10
Feb2017

This week’s Research Ethics Roundup covers President Trump’s call for removing a majority of FDA regulations, the argument for calling for efficacy data before human research begins, USDA’s decision to remove Animal Welfare Act records, and FDA’s case for conducting phase three testing.

Trump to Pharma CEOs: 75% to 80% of FDA Regulations Will be Eliminated
Zachary Brennan reports for Regulatory Focus on President Trump’s remarks to a group of pharmaceutical industry leaders. The President said he would be “cutting regulations at a level no one has ever seen before,” citing foreign competition as one of his primary concerns. Critics point out that companies cannot afford to bypass the lucrative US market, which is the largest in the world.

Consider Drug Efficacy Before First-in-Human Trials
In this Nature commentary piece, Jonathan Kimmelman and Carole Federico argue that regulators and IRBs should ask for more evidence on a drug’s efficacy before allowing human trials to begin. They also argue that study sponsors should submit all unfavorable results from prior research with animals and outcomes from related trials to an IRB. As part of this submission, the authors contend, sponsors should provide a signed statement that this evidence is comprehensive and unbiased.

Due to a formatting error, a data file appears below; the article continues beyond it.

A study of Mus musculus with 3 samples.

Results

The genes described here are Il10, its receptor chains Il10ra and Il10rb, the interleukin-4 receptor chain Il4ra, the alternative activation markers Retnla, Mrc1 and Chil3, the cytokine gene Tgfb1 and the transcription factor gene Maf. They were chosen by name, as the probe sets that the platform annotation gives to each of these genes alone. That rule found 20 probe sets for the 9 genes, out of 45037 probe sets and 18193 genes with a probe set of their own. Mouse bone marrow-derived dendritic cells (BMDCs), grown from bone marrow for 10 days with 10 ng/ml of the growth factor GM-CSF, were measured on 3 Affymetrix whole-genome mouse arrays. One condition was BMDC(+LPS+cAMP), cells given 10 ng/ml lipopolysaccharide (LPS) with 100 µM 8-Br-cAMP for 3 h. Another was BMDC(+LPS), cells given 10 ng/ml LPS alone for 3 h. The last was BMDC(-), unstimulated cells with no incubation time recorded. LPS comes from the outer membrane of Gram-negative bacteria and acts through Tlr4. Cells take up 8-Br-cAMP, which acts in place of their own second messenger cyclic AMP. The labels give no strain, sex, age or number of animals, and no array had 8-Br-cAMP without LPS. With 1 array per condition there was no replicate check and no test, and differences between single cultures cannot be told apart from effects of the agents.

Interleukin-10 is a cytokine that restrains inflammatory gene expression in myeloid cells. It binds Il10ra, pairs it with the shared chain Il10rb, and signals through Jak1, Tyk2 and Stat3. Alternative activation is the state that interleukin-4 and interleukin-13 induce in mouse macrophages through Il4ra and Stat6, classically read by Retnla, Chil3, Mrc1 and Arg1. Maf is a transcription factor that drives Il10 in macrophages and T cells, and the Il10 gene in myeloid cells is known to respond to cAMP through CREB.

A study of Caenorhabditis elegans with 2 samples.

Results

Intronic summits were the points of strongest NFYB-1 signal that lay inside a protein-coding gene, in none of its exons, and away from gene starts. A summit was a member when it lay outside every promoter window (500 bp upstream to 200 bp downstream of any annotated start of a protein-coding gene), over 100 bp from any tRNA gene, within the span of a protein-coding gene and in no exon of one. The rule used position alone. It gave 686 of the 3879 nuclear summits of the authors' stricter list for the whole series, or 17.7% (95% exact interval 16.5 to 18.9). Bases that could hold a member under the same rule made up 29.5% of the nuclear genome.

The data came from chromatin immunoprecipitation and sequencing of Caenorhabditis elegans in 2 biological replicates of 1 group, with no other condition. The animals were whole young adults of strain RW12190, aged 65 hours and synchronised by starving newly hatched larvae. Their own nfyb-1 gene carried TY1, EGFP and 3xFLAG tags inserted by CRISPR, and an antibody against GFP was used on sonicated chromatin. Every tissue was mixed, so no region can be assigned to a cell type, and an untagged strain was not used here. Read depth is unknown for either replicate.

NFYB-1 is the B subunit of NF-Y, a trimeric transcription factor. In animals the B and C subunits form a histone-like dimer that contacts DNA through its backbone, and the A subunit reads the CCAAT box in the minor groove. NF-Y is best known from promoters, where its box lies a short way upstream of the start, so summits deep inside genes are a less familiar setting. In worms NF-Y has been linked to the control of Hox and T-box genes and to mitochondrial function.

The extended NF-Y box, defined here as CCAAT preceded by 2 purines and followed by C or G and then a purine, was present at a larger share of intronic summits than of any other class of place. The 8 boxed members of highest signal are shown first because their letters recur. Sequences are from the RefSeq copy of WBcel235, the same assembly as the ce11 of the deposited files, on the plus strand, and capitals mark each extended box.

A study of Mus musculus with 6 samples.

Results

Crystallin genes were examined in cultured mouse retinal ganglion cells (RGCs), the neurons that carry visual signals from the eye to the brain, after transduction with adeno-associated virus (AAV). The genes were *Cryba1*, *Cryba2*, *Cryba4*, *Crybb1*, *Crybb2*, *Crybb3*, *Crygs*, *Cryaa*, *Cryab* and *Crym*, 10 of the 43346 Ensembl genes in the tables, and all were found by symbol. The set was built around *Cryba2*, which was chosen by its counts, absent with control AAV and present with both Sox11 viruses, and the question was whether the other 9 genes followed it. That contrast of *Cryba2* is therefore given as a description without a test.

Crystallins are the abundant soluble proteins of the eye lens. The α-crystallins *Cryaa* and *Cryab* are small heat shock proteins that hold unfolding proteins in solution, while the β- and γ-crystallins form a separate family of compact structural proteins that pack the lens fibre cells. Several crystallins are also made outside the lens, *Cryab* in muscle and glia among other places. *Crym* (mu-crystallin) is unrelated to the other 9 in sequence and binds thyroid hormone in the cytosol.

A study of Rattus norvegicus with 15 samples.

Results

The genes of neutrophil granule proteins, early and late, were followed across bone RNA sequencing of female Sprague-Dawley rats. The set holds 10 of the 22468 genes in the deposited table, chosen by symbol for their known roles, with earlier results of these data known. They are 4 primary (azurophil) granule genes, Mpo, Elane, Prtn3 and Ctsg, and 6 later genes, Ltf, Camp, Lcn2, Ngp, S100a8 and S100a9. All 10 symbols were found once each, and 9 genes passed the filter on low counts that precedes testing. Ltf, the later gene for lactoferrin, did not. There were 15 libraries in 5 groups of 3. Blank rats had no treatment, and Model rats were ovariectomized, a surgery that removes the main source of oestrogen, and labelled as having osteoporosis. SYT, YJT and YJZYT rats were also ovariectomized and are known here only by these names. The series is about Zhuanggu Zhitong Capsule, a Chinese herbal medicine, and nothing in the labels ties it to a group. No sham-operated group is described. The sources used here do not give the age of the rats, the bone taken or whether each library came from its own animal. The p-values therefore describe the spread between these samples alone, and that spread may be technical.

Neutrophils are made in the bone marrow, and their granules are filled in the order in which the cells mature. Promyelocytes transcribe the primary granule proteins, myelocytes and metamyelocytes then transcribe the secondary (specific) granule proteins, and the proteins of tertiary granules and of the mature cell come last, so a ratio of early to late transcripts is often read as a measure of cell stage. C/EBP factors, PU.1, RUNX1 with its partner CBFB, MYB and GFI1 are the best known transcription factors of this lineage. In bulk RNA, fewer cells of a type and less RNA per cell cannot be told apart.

USDA Abruptly Purges Animal Welfare Information From its Website
In this Washington Post article, Karin Brulliard reports that the US Department of Agriculture’s (USDA) decision to remove enforcement records and inspection reports involving research animals and institutions such as zoos is drawing criticism. The USDA argued the move was necessary because of privacy concerns and points out that the aforementioned records and reports can be obtained through Freedom of Information Act Requests. However, opponents of the changes argue such requests can take years to be processed.

FDA Highlights the Importance of Confirmatory Studies
In this Applied Clinical Trials article, Jill Wechsler examines a recent FDA report: “22 Case Studies Where Phase 2 and Phase 3 Trials had Divergent Results.” The report shows that in 22 instances, phase three trials were necessary to show that certain medical devices, drugs, and vaccines did not meet safety and efficacy standards. The FDA has been facing increasing pressure to allow sponsors to abandon phase three testing.